It is now four years since the defense department decided it didn’t need to develop two different engines for its single-engine F-35 fighter, and stopped requesting money for the second engine. Since that time, the United Technologies engine that it decided to stick with has accumulated 18,000 test hours and has achieved virtually all of its performance, reliability and affordability goals. That isn’t surprising, because it is based on the highly successful engine that United Technologies developed for the earlier F-22 fighter, and it was selected by both of the companies that competed to build the less expensive F-35.
But the engine the companies didn’t select, and the Pentagon didn’t fund, hasn’t gone away. A coalition of legislators with home-state interest in perpetuating the General Electric “alternate engine” have kept the money flowing, at the expense of both warfighters and taxpayers who had better uses for the funds. Backers of the second engine say the Pentagon needs to split the engine program between two different designs built on two different production lines so that it can hold money-saving competitions.
Secretary of Defense Robert Gates is determined to kill the second engine, which he sees as emblematic of military waste. Gates is right: there is not a single credible study demonstrating that money will be saved by purchasing two different engines for the same single-engine fighter. No other item on the F-35 is being competed, and no other military plane developed over the last quarter century has been equipped with competing engines. The simple truth is that it costs more money to sustain two production lines, two supply chains, and two maintenance systems than it does to sustain one of each. And the notion that a program can be made safer or more reliable by doubling its complexity seems quite improbable.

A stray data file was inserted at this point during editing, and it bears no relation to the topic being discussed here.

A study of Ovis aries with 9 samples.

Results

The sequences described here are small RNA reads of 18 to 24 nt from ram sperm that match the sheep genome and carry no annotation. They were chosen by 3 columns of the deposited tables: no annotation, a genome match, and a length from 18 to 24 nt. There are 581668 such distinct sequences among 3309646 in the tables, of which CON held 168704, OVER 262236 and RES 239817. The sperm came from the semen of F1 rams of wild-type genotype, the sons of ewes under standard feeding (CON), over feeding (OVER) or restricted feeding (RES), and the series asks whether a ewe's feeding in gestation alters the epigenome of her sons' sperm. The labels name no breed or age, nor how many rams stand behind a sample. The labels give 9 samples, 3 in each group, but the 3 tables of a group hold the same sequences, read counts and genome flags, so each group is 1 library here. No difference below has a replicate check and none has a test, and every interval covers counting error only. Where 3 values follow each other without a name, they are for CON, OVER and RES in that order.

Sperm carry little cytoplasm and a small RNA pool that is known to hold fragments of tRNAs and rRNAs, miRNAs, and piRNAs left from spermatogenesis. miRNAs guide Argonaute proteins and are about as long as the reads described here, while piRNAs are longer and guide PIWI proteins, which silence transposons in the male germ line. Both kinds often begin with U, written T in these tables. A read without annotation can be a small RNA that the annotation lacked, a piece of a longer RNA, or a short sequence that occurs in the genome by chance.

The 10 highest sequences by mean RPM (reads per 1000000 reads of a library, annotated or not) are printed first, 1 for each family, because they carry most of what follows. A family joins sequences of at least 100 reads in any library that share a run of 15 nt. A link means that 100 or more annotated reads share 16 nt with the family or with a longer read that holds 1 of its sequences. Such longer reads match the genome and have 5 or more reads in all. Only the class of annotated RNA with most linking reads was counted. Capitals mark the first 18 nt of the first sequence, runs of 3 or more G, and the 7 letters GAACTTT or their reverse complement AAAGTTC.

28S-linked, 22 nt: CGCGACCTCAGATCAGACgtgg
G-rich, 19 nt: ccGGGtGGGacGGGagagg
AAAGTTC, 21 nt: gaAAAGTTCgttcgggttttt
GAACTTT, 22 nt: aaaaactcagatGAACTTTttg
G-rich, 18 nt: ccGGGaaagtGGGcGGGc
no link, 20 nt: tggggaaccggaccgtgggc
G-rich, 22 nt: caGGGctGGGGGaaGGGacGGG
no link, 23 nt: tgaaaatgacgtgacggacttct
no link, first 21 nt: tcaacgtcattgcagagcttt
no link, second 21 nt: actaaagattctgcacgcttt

In response to the steadfast opposition of two administrations to its unneeded engine, General Electric has issued a steady stream of misleading statements about the progress and performance of its product. It has exaggerated the positive comments that the Government Accountability Office made about the value of a second engine, while ignoring the skepticism expressed in five other government reports of equal stature. And it has sought to discredit independent analysts who sided with Secretary Gates, rather than responding to their criticisms.
But the facts of this case speak for themselves. General Electric wants an industrial subsidy from U.S. taxpayers to stay in the fighter-engine business, and the only legislators who are backing its bid are those whose states would get some of the resulting funds. In order to obtain those funds — billions of additional dollars before the GE engine is ready for competition — they will have to take money from more pressing military needs, and from states where the F-35’s primary engine is to be built. Backers of the GE engine have sought to drape this money-grab in the mantle of competition, but Secretary Gates sees that for what it is. His efforts to kill the alternate engine deserve the support of every legislator who favors fiscal responsibility and good government.